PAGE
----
Last night was bonfire night. Fires and fireworks in remembrance of Guy Fawkes and the failed Gunpowder Plot of 1605. It doesn’t grab my attention anymore, though it’s impossible to ignore entirely with bangs, whizzes and crackles going off throughout the night.

Today during my morning jog I discovered the object in my photo on the path: a spent rocket-onna-stick. Just a piece of rubbish now, but sixty-odd years ago a treasured find. It triggered memories.

Unlike my current grumpy-old-man seventy-five-year-old indifference, bonfire night was an exciting time as a young lad. Even the cheap box sets (all my dad could afford) were full of promise and magic. There was always a Roman Candle, a Catherine Wheel, a Volcano, a Golden Chrysanthemum, coloured Fountains and, of course a variety of bangers. As I type the names, I can see the colours, hear the fizzing and smell the smells in in our small back garden as dad set them off. If we were really lucky, there might be one with a small wooden handle that could be waved about as it frothed its flames in the dark night — what a thrill! The rockets, I seem to remember, were more expensive and except for tiny 5 second types were bought separately, so we didn’t have many or even any. We young boys considered sparklers to be rather tame and girly though in fact they were better value, lasted longer and were good fun (a conclusion I arrived at much later as a parent).

In the days leading up to The Night, we could spend pocket money on coloured matches — like ordinary matches but longer, with an enlarged head that burned with a bright green or ruby red flame. This was literally burning money though and I only indulged once or twice, then one year the spoil-sport government banned their sale to under-18s. When I grew older me and my mates would take bangers down to the beck at the bottom of our road, light the banger until it started fizzing, then launch it. They made good miniature torpedos, spurting across the stream then exploding with a satisfying splash of water.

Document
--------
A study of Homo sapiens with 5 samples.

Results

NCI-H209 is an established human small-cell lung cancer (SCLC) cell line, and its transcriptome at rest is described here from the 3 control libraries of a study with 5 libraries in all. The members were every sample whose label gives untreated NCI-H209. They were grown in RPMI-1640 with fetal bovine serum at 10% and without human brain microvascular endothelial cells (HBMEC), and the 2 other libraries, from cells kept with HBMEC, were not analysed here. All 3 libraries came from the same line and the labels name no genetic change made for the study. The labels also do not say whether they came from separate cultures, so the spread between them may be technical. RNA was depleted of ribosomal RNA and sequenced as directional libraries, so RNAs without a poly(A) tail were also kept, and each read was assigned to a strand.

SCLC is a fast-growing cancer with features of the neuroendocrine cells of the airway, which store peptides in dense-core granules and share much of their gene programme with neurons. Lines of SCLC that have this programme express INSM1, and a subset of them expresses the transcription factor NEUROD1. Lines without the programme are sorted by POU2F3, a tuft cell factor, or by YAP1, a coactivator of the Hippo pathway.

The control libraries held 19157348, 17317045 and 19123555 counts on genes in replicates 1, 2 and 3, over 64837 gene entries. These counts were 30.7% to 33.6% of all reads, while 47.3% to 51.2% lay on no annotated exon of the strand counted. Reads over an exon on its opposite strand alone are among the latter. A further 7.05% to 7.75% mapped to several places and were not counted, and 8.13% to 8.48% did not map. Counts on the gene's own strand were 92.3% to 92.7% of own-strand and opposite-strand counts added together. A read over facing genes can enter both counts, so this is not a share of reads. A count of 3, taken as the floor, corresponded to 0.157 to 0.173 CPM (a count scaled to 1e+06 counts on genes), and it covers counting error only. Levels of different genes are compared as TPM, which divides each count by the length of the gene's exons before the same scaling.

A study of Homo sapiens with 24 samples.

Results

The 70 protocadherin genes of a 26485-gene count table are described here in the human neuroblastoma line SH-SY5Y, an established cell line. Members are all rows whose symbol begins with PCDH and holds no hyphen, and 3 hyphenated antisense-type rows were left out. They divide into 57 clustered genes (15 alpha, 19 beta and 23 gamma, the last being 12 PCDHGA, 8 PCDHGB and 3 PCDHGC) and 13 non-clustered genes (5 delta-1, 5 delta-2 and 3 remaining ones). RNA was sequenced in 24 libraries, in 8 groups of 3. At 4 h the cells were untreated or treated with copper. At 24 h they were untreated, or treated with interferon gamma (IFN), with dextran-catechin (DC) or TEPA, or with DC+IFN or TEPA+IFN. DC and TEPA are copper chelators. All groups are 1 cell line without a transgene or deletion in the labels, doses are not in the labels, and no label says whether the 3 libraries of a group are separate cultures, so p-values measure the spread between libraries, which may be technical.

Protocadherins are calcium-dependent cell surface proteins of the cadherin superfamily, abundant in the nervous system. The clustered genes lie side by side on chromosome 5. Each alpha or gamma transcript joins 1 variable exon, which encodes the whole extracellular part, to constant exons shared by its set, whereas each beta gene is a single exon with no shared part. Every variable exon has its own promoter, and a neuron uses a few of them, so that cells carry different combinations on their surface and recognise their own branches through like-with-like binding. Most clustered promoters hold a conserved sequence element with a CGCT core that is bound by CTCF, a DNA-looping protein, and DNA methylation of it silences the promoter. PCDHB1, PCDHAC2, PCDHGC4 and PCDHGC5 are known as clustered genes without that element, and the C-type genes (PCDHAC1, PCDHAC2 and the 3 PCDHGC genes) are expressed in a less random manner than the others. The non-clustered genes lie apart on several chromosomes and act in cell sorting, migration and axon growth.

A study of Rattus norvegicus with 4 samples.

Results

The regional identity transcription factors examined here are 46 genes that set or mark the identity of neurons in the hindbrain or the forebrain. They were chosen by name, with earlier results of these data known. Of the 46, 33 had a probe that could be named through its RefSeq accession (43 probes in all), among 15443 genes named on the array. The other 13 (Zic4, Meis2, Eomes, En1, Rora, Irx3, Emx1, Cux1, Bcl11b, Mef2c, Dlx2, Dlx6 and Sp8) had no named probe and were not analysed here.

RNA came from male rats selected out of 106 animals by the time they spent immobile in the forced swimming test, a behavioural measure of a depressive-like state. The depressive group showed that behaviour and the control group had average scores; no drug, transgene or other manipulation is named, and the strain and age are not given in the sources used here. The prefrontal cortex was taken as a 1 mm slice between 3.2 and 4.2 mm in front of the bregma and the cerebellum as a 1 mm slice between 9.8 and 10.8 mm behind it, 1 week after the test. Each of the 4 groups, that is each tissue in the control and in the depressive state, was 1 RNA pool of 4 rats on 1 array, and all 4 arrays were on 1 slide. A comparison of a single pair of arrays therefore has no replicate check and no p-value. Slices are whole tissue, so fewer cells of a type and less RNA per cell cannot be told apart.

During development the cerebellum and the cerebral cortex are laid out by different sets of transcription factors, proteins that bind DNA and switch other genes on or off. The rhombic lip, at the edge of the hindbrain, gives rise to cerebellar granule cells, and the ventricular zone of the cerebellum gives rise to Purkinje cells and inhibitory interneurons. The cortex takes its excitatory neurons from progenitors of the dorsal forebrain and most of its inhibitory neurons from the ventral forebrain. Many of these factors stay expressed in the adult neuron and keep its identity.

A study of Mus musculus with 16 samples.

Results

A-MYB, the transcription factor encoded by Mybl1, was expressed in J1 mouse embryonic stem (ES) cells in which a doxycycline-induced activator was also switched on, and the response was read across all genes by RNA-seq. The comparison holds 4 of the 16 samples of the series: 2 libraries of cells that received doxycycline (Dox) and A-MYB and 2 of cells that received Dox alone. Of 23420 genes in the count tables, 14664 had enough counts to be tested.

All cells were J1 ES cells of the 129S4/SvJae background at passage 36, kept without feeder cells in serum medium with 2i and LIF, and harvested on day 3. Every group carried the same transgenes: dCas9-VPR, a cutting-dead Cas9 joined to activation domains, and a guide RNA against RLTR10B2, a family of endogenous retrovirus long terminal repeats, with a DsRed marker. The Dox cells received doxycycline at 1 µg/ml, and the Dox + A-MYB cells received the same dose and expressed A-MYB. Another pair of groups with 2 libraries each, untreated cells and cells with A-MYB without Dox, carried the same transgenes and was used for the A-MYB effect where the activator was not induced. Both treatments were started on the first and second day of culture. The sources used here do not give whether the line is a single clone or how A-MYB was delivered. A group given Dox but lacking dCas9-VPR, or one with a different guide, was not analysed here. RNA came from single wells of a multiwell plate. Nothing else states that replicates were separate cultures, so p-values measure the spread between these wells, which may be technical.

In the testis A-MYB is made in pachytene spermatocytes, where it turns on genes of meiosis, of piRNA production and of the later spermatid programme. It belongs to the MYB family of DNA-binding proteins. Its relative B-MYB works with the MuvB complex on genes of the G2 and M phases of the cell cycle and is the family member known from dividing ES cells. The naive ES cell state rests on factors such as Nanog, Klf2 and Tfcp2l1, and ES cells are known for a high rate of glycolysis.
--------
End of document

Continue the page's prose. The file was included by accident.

The morning after bonfire night displayed the debris of the celebration. Unless high winds had blown it away, there was always a smell of smoke hanging in the air and we boys would keep an eye open for souvenirs. Spent rockets were the most sought after, and a find like mine this morning would become a precious object for a few hours. Of course, a burnt-out cardboard tube and a two foot strip of wood has no intrinsic value, but the thrill of finding a foreign object, fallen out of the the sky gave it a special quality in my young imagination. My family couldn’t afford spectacular rockets and a large empty shell and stick was to touch second-hand the remnants of riches.

As you can see, the name of the item I found this morning is “Star Gazer”. A good name for ten year-old me: my imagination was filled with future wonders.

I wonder if age has blunted my star gazing a bit? I no longer enjoy the thrill of finding old fireworks, but perhaps the naïve innocence in simple pleasures is a quality worth retaining. I wonder if kids still enjoy foraging for spent fireworks or whether digital devices and CGI experience have replaced it. Well, that’s another topic for another day but for me: am I still a star gazer? Do I still look to the future with optimism? Is the sky still open for gazing?

Jesus spoke of faith, hope and charity. We talk a lot about faith and charity, yet hope is crucial too. We live in an age when existential despair seems to turn heads from the stars to the ground. An occasional disappointment in those far-off family firework displays was lighting the blue touch paper, then . . . nothing, it was a dud. For some, it’s happened so often that life itself seems a dud. It’ll never be any better, aspirations always come to nothing. Nonsense! Hope says something else. No matter how many duds surround us, it won’t be forever. Nor do we need to stay disappointed for long. A star gazer always has more fireworks in the box, for this life and the next. Hope and optimism are there for anyone who wants them. They are spiritual gifts from our Saviour and all we have to do is ask. If we really want it enough, we can all light the blue touch paper and take off.